Wednesday, June 12, 2013

Discernment and Self-trust

Discernment is strongly effected, it seems to me, by one's ability  or inability to trust in oneself.  Self-trust may take a beating, if you will, by others' dismissing our contributions as insignificant. Eventually, if we experience this often enough, we begin to believe it personally.  Our self-trust is also eroded by being told by our parents, our teachers or other significant adults in our lives that "we don't know what we are talking about" or that "children are to be seen and not heard," or by simply being ignored whenever we'd attempt to share our views.  Other children may also have made fun of our insights. A teacher, verbally or nonverbally, may have communicated her/his disappointment in our answers to questions or our input into a topic under discussion.  Critical thinking skills, analyzing, thinking through situations, doing research and trusting our findings or conclusions may simply not have been encouraged in our home, school or church environments--however, we can still develop these skills. Or all of the reverse may be true and our self-trust is strong. Then, too,  I believe, is our trust in God's direction rising from within.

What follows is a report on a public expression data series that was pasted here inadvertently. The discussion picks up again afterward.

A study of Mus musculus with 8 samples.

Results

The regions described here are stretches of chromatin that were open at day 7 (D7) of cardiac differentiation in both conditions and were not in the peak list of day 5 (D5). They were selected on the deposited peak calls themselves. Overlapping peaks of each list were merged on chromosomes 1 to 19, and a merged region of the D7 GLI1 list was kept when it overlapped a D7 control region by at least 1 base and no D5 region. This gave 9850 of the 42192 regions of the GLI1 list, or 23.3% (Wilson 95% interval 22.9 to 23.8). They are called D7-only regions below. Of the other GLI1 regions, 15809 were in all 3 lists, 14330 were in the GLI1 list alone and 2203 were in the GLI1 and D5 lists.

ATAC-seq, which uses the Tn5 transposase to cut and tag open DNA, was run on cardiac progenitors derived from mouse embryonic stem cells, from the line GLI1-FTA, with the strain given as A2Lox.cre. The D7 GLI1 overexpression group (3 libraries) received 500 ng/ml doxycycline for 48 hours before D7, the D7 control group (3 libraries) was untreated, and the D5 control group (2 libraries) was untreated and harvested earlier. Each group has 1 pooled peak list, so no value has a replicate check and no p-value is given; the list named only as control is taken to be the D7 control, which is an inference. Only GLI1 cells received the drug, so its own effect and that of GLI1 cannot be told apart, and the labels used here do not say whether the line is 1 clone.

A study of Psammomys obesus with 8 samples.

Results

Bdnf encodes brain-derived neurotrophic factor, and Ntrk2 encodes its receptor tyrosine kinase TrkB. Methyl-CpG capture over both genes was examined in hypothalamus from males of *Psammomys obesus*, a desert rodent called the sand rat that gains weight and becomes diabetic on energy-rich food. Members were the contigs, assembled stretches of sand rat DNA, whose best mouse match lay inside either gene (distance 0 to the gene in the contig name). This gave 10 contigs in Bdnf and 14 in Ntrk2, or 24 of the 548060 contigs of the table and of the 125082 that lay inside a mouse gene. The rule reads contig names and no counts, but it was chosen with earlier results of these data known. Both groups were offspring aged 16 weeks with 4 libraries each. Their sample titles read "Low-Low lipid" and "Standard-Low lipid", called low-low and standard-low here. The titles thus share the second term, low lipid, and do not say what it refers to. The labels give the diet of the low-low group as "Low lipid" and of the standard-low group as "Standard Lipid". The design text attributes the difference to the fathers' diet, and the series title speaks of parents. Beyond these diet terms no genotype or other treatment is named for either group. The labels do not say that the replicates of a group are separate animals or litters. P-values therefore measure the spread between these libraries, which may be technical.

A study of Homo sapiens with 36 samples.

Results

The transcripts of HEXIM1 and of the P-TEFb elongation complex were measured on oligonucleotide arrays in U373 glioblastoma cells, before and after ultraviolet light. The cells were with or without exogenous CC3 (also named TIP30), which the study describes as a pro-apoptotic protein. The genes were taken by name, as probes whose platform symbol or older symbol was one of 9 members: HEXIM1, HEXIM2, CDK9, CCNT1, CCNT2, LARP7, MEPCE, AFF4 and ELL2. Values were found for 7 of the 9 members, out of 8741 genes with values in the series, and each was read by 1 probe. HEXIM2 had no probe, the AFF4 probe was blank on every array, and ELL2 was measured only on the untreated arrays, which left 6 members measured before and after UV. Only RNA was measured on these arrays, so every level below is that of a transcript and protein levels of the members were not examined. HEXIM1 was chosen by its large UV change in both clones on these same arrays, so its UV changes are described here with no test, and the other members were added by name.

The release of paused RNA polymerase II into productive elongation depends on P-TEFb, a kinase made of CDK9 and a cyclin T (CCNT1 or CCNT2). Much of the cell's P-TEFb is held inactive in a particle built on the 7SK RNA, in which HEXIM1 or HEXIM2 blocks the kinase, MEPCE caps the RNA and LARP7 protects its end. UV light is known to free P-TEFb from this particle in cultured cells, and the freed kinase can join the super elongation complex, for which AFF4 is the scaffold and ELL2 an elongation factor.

Apart from the above examples of how mistrust is nurtured, we may have personally weakened our ability to trust ourselves by having been deceitful in our dealings with others, having told "white lies" to get by with something or to avoid embarrassment or shame.  We may end up doing or saying something we really do not want to do or say because we are trying to please another and end up betraying ourselves. When we lie in order to avoid that of which we are afraid or in order to avoid hurting another, the person we ultimately hurt is ourselves.  When our goal is to please others at our own expense, we betray ourselves. Trust is eroded, weakened or shattered and needs to be rebuilt.

Ever say "Tell me the truth," or "Be honest with me."  Above all we want people to be honest and we ourselves want to be truthful with others.  We want others to trust us. Trust begins at home, as does charity.  As we build self-trust, we also strengthen our ability to discern God's truth, God's will for ourselves.  Grace builds on nature.

On a scale from 0-10, how would you rate your self-trust?  If low, what may be the root cause of your lack of self-trust? What can you do to strengthen your ability to trust in yourself?  How can you strengthen a weakened trust of self?  Only you can do that. That is why it is called self-trust.